Updated at 1:30 p.m.: In the original version of this post identified both Peter Aman and Mary Norwood as “avowed Democrats.” A helpful reader has provided this link to a Georgia Voice forum in which Norwood says she’s an independent. At about the 41:00 mark.
Original: A serious case of poaching is underway in the race for mayor of Atlanta.
Yolanda Adrean, the city council member for the District 8, has endorsed Peter Aman. You have to know a little bit about geography to know why this is important.
District 8 is in the northwest corner of the city, comprising the western half of Buckhead down to Atlantic Station. This is the district where at-large city council member and mayoral candidate Mary Norwood lives.
Now it clicks, right? Aman is a Democrat. Norwood is an avowed independent (though the state Democratic party accused Norwood of GOP leanings eight years ago). Nonetheless, both need the votes of Buckhead Republicans to survive the first round of voting in November. Eight years ago, Buckhead support helped propel Norwood into her ill-fated runoff with Kasim Reed.
Adrean explained her choice this way:
“(Aman is) the kind of leader who can take us through the complexities of one of the Southeast’s largest economies. It’s a huge job that involves working with leaders from the neighborhood level, county, state and all the way up to the White House.
“I think Peter has the gravitas to operate in any of those arenas.”
So I asked her if this was also a reflection on Norwood. Adrean’s reply:
“Mary’s done a great job being an advocate for neighborhoods. But [being mayor] is a broader job than that. It’s more significant to the region, even.”
Aman, of course, pronounced himself “thrilled” with Adrean’s endorsement. “It’s a clear, additional sign of a shifting of a number parts of the city, including Buckhead, toward my campaign,” he said.
While I had him on the phone, I asked Aman about the other play for Republican votes he made last week — when he showed up at Karen Handel’s Sixth District victory party. That’s him on the left in the photo below. Newly elected state GOP chairman John Watson is second from the right, and the fellow on the far right is Brad Carver, chairman of the 11th District GOP:
Aman’s campaign quickly produced a photo from the candidate’s visit to Jon Ossoff’s corresponding (but far less cheerful) watch party. That’s Aman with Ossoff’s mom, Heather Fenton:
“I’m proud to be a Democrat, and I don’t hide from that. Mary Norwood tends to hide from her party, and tries to obfuscate that….”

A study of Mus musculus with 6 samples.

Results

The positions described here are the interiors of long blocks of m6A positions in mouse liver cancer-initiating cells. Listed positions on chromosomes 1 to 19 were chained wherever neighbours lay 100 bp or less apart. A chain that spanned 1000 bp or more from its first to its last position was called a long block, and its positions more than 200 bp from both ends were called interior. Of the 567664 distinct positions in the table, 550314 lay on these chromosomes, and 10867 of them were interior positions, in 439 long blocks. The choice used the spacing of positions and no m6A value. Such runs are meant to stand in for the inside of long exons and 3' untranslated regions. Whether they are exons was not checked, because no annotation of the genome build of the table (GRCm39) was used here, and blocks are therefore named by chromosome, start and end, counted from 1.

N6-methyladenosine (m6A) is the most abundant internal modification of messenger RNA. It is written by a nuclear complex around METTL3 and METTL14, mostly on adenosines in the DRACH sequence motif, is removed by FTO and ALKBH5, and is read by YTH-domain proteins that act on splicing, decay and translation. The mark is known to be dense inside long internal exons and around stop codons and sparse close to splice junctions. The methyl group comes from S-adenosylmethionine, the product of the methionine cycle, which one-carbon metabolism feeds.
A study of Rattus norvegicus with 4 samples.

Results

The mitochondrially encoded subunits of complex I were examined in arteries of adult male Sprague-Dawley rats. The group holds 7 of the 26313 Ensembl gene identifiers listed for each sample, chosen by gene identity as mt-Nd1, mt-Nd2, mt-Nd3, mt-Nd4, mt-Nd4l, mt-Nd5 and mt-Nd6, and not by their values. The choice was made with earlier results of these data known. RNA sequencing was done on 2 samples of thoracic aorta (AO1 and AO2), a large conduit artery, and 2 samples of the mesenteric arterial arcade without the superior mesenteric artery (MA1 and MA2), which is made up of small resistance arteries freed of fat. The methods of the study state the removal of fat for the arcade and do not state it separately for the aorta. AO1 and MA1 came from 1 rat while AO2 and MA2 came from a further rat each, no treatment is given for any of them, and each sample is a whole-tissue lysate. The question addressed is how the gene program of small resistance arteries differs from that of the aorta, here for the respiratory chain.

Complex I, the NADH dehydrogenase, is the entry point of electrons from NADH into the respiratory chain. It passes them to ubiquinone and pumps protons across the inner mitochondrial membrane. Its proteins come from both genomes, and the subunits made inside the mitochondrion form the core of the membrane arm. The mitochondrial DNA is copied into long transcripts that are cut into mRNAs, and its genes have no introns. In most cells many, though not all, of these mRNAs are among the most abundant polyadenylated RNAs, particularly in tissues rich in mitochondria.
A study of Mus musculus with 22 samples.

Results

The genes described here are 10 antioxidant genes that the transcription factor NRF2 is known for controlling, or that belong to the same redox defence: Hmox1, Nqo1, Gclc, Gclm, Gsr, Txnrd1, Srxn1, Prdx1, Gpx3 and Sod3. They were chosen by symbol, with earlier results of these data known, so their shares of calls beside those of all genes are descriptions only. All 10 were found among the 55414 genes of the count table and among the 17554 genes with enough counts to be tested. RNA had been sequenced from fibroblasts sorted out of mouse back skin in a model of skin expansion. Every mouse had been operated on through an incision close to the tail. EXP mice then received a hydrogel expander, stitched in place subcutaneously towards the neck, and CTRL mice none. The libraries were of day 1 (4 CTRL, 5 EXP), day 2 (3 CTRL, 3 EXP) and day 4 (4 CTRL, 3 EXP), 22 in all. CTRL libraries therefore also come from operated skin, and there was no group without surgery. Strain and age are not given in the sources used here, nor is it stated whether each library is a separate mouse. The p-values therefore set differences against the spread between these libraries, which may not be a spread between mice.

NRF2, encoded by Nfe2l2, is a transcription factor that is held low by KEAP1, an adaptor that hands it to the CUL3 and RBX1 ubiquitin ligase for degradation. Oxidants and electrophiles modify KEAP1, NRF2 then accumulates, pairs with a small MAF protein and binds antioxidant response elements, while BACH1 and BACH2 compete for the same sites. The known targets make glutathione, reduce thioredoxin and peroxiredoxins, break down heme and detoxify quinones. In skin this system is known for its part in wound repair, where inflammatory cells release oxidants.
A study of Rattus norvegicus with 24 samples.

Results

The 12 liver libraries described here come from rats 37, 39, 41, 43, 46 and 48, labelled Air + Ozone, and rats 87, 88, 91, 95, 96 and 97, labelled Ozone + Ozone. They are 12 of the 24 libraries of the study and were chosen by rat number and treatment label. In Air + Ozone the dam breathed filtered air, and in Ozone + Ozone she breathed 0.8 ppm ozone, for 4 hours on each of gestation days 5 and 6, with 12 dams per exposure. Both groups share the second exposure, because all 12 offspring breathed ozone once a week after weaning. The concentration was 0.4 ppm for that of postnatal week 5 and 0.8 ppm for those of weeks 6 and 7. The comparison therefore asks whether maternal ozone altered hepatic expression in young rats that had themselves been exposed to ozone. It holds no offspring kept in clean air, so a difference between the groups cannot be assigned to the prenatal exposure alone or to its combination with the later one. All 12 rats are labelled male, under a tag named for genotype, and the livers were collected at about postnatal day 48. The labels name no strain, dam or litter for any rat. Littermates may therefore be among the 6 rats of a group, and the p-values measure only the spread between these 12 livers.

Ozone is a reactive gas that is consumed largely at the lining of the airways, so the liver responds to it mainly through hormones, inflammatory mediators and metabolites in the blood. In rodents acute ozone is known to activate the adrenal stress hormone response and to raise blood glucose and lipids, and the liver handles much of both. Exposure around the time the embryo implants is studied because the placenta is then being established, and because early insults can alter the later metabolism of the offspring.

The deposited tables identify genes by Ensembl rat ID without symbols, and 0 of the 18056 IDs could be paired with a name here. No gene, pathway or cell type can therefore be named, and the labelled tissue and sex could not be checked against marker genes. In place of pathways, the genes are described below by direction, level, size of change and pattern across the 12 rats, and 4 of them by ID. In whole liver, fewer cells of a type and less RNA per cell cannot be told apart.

There was, of course, that time earlier this year, when Norwood popped in on a gathering of the Democratic National Committee in Atlanta. But we’ll let Aman continue:
“I’m also very conscious of the fact that, for the city of Atlanta to advance, the next mayor is going to have to have relationships with both parties. Mayor Reed had the advantage of having a Democrat in the White House. At least for the moment, that’s not the case. And we have Governor Deal in the office just for another year.”
Aman argued that the city of Atlanta is looking for $3 billion in matching federal funds to expand MARTA rail, which requires support at both the state and federal levels – which are, right now, in Republican hands.
Working across the aisle is too often a catch phrase, he said. “People sometimes say that, but they don’t really do it. For me, it’s about showing up,” he said.
I asked Aman if he were modeling his approach after Mayor Kasim Reed, whose alliance with Gov. Nathan Deal, a Republican, initially raised eyebrows. Aman said he was. But he also noted Shirley Franklin – whom Aman also worked for — had the same approach when she was mayor.
“I never met a governor I didn’t like,” Aman quoted Franklin as saying, upon her first meeting with Gov. Sonny Perdue.
We noted that the Perdue-Franklin relationship quickly went south – which Aman didn’t dispute. “But you see where she started,” he said.
It doesn’t help their branding, but #ResistTrumpTuesdays will fall on a Wednesday this week. That’s when the local activist group that has targeted U.S. Sen. David Perdue at weekly street protests will perform a “die in” on the sidewalk in front his new Buckhead office.
A new dynasty? Former Georgia congressman Newt Gingrich, who is hawking a book about the president and whose wife has been nominated as U.S. ambassador to the Vatican, has a bold prediction about Donald Trump’s future in the latest New York Magazine:
After the Democrats went zero for four in special elections, the delusions and fantasies continue. Trump will be reelected in 2020, and Pence will probably follow him in 2024. The analogue for Trump is Andrew Jackson, not Richard Nixon.
Brian Kemp, currently secretary of state and a GOP candidate for governor, on Monday emailed a note about a list of endorsements to supporters. The subject line: “300”
He neglected to include the photo, so we’ve done it for him:
We told you over the weekend that the Congressional Leadership Fund’s executive director, Corry Bliss, managed Karen Handel’s 2014 campaign for U.S. Senate. What we didn’t realize was that his top deputy, William Inman, had deep ties to Handel as well.
A Thomasville native, Inman was Handel’s body-man in her 2010 run for governor and the two remain close. He returned to her campaign in 2014 while finishing law school at Georgia State University and has worked for Bliss ever since – serving as his deputy campaign manager for the campaigns of Sens. Pat Roberts and Rob Portman.
As the CLF deputy executive director, Inman helped draft the group’s $7 million plan and then execute it.
“William is a rising star in our party. He has been instrumental in formulating CLF’s strategy not only in Georgia, but nationwide as we look to 2018,” Bliss said. “We wouldn’t be 4-0 in special elections without him.”